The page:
Absorption, metabolism, and metabolic functions of pantothenic acid
About 85% of dietary pantothenic acid is as CoA and phosphopantetheine. In the intestinal lumen these are hydrolyzed to pantetheine; intestinal mucosal cells have a high pantetheinase activity and rapidly hydro-lyze pantetheine to pantothenic acid. The intestinal absorption of pantothenic acid seems to be by simple diffusion and occurs at a constant rate throughout the length of the small intestine; bacterial synthesis may contribute to pantothenic acid nutrition.
The first step in pantothenic acid utilization is phos-phorylation. Pantothenate kinase is rate limiting, so that, unlike vitamins that are accumulated by meta-bolic trapping, there can be significant accumulation of free pantothenic acid in tissues. It is then used for synthesis of CoA and the prosthetic group of acyl carrier protein. Pantothenic acid arising from the turn-over of CoA and acyl carrier protein may be either reused or excreted unchanged in the urine.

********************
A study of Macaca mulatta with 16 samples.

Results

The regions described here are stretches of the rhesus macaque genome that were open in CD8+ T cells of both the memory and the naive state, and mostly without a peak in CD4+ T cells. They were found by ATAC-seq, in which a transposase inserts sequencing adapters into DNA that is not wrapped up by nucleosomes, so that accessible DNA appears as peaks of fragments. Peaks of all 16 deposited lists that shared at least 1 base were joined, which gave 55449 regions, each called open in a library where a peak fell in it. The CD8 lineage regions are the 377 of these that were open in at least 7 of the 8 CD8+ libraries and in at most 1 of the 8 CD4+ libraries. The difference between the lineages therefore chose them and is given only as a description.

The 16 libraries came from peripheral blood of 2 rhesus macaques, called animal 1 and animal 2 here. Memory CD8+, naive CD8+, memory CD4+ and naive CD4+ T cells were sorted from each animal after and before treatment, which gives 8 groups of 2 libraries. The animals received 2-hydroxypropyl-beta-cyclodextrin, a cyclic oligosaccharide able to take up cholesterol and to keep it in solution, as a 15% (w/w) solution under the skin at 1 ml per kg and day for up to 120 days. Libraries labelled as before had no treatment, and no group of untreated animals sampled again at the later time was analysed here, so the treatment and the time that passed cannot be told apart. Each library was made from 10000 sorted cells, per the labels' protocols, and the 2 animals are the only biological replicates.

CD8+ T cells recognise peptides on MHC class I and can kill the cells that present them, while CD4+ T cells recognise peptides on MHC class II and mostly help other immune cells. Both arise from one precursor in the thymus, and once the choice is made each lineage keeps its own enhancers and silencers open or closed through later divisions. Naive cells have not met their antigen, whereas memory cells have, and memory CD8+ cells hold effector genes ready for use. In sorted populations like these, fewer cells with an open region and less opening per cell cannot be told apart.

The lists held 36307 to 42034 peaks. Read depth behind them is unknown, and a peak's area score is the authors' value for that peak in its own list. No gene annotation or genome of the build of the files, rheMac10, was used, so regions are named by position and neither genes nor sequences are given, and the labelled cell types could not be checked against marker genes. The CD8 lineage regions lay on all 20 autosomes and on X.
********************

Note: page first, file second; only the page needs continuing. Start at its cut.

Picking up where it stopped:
All tissues are capable of forming CoA from panto-thenic acid. CoA functions as the carrier of fatty acids, as thioesters, in mitochondrial β-oxidation. The resultant two-carbon fragments, as acetyl-CoA, then undergo oxidation in the citric acid cycle. CoA also functions as a carrier in the transfer of acetyl (and other fatty acyl) moieties in a variety of biosynthetic and catabolic reactions, including:
●cholesterol and steroid hormone synthesis
●long-chain fatty acid synthesis from palmitate and elongation of PUFAs in mitochondria
●acylation of serine, threonine and cysteine residues on proteolipids, and acetylation of neuraminic acid.
Fatty acid synthesis is catalyzed by a cytosolic multi-enzyme complex in which the growing fatty acyl chain is bound by thioester linkage to an enzyme-bound 4′-phosphopantetheine residue, rather than to free CoA, as in β-oxidation. This component of the fatty acid synthetase complex is the acyl carrier protein.